Theories of Sleep
Many theories of sleep have been advanced to explain the temporary loss of consciousness which we know as sleep. The oldest theory is that sleep is induced by a reduction in the blood supply to the brain or at least to conscious centres. This is known as ischemic theory. Even the ancient Greek physicians were aware that the carotid artery was in a way concerned with the onset of sleep. The name itself expresses this belief. The Greek word `Karotides` for carotid arteries is derived from karoo, which means `put to sleep`. In modern times, the drowsiness after a meal, presumably due to the diversion of blood from the brain to the digestive organs, is cited in support of the ischemic theory.

Another important theory about sleep is the chemical theory. As a result of experiments in the metabolism of sleeping subjects, it is considered that the fatigue inducing sleep may be a mild form of blood poisoning or toxaemia. This "poisoning" is believed to be brought on by the expenditure of energy during the waking hours.

According to this theory, every contraction of a muscle and every impulse passing through the brain or the nerves break down a certain amount of tissue. The debris from broken down tissue is then thrown into the bloodstream. In the waking state much of the waste from broken down tissue is got rid of through the natural eliminating processes of lungs, kidneys, bowels and skin. But there comes a saturation point when there js such an accumulation of waste that it cannot be disposed of by these processes and it then invades the grey matter of the brain. In such an eventuality, mental and physical alertness are impaired. It is nature`s warning that the waste product must be reduced to replenish the lost energy. So we get tired and the urge to get sleep becomes irresistible.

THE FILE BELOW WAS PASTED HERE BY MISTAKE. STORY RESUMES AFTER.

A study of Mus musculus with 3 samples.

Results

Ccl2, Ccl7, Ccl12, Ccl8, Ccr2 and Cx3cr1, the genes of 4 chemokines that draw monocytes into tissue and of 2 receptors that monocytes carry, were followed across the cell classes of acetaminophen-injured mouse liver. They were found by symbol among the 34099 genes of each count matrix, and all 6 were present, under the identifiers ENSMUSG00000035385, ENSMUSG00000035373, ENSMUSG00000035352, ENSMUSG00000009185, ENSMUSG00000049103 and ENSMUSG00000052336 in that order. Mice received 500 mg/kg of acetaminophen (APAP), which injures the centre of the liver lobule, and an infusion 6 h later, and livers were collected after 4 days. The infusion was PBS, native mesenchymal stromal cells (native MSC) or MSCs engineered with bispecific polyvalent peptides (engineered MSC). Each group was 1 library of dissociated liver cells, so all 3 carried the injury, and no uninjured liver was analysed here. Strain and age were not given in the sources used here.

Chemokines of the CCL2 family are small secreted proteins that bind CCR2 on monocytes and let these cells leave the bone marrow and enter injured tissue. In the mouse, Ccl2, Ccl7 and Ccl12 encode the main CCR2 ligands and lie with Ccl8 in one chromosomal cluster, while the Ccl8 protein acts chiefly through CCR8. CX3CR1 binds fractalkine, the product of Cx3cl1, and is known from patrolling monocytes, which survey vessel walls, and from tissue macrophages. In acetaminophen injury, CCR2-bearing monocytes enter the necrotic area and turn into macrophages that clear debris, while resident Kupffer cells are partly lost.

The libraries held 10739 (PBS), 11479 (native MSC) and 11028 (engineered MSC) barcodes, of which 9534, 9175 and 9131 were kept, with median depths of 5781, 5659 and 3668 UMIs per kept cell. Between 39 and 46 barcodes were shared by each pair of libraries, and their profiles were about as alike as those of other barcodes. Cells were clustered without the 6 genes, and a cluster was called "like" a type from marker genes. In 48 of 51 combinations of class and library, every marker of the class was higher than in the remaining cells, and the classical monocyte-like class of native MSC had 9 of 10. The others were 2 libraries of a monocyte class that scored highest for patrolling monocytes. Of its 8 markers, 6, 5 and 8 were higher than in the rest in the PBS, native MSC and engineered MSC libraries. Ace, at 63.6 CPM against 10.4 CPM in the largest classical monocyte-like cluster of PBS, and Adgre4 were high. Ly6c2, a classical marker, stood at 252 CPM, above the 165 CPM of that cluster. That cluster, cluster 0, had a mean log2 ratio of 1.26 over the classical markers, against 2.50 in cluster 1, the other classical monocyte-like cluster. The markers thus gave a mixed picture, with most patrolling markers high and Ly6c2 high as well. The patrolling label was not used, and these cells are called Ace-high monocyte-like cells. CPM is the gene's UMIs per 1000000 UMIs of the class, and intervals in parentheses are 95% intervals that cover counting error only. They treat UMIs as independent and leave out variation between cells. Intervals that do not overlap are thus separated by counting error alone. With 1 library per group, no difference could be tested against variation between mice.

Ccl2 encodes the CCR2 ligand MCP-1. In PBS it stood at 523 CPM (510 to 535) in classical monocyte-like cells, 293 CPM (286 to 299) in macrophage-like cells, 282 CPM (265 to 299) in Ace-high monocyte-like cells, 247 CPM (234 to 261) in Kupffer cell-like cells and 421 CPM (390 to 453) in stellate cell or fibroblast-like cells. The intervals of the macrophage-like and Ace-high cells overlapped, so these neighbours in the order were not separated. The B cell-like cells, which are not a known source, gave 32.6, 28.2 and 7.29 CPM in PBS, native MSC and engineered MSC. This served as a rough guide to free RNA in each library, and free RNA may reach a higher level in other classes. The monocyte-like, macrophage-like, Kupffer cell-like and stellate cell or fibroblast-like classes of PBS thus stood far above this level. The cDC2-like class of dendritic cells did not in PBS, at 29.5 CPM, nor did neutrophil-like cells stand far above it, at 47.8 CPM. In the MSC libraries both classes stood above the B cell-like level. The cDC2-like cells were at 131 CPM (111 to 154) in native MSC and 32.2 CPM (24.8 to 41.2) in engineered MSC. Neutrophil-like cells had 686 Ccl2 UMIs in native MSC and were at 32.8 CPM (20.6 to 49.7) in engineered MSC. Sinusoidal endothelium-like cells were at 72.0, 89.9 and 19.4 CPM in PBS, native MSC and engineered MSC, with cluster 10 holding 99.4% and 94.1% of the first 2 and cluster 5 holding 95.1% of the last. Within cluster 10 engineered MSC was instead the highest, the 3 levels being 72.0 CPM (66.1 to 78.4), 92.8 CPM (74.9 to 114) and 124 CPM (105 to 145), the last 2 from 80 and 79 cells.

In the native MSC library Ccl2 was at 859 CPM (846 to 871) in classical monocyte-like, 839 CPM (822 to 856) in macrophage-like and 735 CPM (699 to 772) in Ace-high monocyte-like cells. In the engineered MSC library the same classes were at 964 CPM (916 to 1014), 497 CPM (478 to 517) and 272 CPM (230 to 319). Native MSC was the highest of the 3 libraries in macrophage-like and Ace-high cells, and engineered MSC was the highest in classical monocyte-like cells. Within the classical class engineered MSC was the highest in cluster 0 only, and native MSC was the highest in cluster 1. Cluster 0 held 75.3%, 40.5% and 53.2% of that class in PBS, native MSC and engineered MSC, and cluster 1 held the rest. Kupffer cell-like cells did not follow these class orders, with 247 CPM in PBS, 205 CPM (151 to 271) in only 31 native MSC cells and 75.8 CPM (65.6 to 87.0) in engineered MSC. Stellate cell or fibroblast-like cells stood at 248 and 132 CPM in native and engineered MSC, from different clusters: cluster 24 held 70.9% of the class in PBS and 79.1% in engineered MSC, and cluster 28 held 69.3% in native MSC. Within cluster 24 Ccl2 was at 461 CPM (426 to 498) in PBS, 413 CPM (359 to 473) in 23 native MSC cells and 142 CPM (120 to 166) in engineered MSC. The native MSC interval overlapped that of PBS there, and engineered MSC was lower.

During sleep, the cells and tissues that break down to produce toxic waste become less active and the production of toxic waste is vastly reduced. Simultaneously, constructive activities take place within the body during sleep, which rebuild the broken down tissue.

Another theory places a sleeping centre in the hypothalamus. Many of the bodily changes in sleep such as constriction of pupils, reduced frequency of heart beat, increased gastric tone and secretion are manifestations of the activity of hypothalamus nuclei, especially parasympathetic centres. Perhaps some of the sleeping pills affect this centre in the brain.

Although the various theories have certain amounts of experimental evidence to support them, none has really solved what is the most mysterious process in our lives. All we know is that sleep substitutes constructive measures for the destructive processes of our waking hours. We cannot live without sleep.